Posted by: Shaun | May 12, 2008

Russia and China: friends forever?

Dimitry Medvedev’s first trip abroad as President of the Russian Federation will take him to China (with a brief stopover in Kazakhstan). It seems that since the end of the Cold War, bitter memories of the Sino-Soviet split and the 1969 border conflict that left these two Asian giants on the brink of war have been set aside in order to forge a strategic partnership that has brought both states closer to one another than at any time in the past.

The two codified their budding friendship in 2001 with a “Treaty of Good-Neighborliness and Friendship,” which pledged both to mutual nonaggression, support for their respective hot-button issues like Taiwan and Chechnya, and various forms of consultation. China and Russia regularly exchange state visits, such as the one on which President Medvedev is soon to embark, in addition to ministerial level talks on a range of issues. Each is an active member in the Shanghai Cooperation Organization, a multilateral grouping that facilitates economic and security partnerships in Central Asia. Then there were the national years, with 2006 dubbed “the year of Russia” in China and 2007 “the year of China” in Russia. Moscow has even seen fit to supply its neighbor with billions of dollars of advanced weaponry to fill the gaps in China’s ambitious military modernization program.

However, there are clouds on the Eastern horizon. China has a population of nearly 1.5 billion people and a GDP of about $3.4 trillion at official exchange rates, a value that grows by 8 to 10 percent a year. Russia has a population of about 140 million, one which has been declining in recent years, and a nominal GDP of $1.3 trillion which is growing, but is heavily dependent on energy exports. All this means that over the next twenty to thirty years, China will almost certainly exceed Russia in every measure of national power, except, perhaps, the size of its nuclear arsenal. This certainly does not portend conflict as a matter of course, but it is enough to make Russian strategists lose sleep over the future.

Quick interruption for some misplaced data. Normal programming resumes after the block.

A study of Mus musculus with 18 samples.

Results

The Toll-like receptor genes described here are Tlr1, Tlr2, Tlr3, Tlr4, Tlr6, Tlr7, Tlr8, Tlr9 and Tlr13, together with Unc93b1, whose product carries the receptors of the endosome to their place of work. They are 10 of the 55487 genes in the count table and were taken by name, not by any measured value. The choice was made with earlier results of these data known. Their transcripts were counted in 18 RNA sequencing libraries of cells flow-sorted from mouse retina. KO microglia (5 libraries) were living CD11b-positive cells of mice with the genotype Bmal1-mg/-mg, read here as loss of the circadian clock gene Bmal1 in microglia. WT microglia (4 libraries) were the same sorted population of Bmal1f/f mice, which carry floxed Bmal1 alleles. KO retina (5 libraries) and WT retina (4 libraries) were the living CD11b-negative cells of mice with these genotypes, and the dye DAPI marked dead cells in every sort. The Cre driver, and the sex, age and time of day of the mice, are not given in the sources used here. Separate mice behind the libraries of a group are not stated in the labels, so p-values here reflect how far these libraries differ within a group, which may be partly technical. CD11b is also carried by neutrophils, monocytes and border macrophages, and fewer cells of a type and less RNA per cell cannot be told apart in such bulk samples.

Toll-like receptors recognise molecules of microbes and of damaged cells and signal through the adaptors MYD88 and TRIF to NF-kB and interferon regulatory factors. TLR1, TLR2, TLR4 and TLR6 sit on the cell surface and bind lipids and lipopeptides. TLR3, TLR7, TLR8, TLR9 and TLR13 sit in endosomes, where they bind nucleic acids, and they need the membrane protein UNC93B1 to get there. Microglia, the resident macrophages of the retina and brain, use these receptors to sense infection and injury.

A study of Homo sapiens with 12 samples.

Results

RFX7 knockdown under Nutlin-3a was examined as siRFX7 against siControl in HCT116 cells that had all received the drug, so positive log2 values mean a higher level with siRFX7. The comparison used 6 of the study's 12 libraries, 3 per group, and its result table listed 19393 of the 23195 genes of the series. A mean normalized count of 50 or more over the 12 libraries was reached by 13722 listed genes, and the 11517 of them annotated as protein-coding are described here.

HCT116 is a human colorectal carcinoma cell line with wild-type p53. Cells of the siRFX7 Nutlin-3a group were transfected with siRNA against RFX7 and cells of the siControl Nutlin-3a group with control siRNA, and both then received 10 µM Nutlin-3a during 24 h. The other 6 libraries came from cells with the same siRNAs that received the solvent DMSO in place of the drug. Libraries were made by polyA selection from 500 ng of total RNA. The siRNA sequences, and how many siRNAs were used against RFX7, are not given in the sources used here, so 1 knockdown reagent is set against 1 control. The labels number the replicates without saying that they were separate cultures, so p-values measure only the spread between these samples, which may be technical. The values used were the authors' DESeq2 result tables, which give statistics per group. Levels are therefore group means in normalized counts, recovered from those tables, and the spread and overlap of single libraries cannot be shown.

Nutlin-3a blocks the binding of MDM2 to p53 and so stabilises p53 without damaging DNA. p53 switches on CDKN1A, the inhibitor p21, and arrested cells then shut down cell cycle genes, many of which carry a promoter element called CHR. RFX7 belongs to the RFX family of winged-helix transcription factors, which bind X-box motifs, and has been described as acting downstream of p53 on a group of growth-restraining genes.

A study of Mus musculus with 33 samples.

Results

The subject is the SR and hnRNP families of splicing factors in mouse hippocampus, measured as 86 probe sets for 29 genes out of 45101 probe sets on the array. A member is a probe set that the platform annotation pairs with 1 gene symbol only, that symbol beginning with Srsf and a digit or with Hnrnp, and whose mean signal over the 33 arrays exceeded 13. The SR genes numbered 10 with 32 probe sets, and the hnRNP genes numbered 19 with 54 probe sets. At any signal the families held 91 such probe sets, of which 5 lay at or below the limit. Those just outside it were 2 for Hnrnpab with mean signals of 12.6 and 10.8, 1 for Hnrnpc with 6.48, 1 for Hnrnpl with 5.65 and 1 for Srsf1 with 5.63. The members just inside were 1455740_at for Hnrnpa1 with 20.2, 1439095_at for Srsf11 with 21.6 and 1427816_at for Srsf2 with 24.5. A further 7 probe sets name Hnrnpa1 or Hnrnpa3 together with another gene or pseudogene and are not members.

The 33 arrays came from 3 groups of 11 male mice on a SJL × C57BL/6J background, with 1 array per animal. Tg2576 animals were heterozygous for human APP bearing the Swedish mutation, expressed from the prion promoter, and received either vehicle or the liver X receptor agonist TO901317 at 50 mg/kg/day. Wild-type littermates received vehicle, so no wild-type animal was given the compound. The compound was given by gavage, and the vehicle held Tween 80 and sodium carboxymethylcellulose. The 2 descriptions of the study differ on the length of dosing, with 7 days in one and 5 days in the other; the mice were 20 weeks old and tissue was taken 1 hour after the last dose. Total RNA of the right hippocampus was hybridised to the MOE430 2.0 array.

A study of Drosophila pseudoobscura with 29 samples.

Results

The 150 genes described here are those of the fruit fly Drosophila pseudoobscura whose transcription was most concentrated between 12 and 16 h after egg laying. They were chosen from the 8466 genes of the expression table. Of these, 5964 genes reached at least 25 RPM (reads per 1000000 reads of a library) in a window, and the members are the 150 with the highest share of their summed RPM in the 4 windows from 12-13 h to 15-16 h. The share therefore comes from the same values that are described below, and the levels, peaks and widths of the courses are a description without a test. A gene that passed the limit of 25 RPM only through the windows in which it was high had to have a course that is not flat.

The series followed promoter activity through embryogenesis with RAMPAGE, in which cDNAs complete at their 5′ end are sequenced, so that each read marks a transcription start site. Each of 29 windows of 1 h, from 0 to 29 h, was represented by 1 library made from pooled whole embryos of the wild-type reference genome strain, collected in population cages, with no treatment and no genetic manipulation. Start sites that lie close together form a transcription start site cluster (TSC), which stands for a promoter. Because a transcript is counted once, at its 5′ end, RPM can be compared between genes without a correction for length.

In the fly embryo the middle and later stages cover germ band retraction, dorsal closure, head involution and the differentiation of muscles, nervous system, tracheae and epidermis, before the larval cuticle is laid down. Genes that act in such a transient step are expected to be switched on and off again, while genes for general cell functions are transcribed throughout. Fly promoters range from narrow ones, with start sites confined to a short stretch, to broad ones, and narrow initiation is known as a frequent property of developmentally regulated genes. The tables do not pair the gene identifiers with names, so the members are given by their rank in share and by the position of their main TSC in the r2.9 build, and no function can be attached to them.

In a Moscow Times opinion piece, author Richard Lourie says as much, commenting on a lingering sense of “Sinophobia” amongst many Russian officials who are wary of the stirring giant on their southern frontier. Siberia is the source of their angst, according to Lourie:

Geography abhors a vacuum every bit as much as nature. The Russian Far East, which is two-thirds the size of the continental United States, has only 7 million people. On the other side of the Russian border, in the three northeastern Chinese provinces, there are 100 million people in an area one-eighth the size of the Far East.

The fear, fed in part by Russian xenophobia, is that those 100 million Chinese will spill across the border and submerge the sparsely populated, resource-rich lands of eastern Russia. Border areas are already marked by tensions between native Russians and Chinese migrant laborers.

Again, this is not a forecast of an inevitable Sino-Russian war; such a prospect is remote. I do, however, think that the geopolitics and geoeconomics of Northeast Asia cast doubt on the longevity of a Sino-Russian strategic partnership. Such a relationship remains valid only so long as the two are on a relatively equal footing and share mutual interests. The future of both these prospects is questionable at best.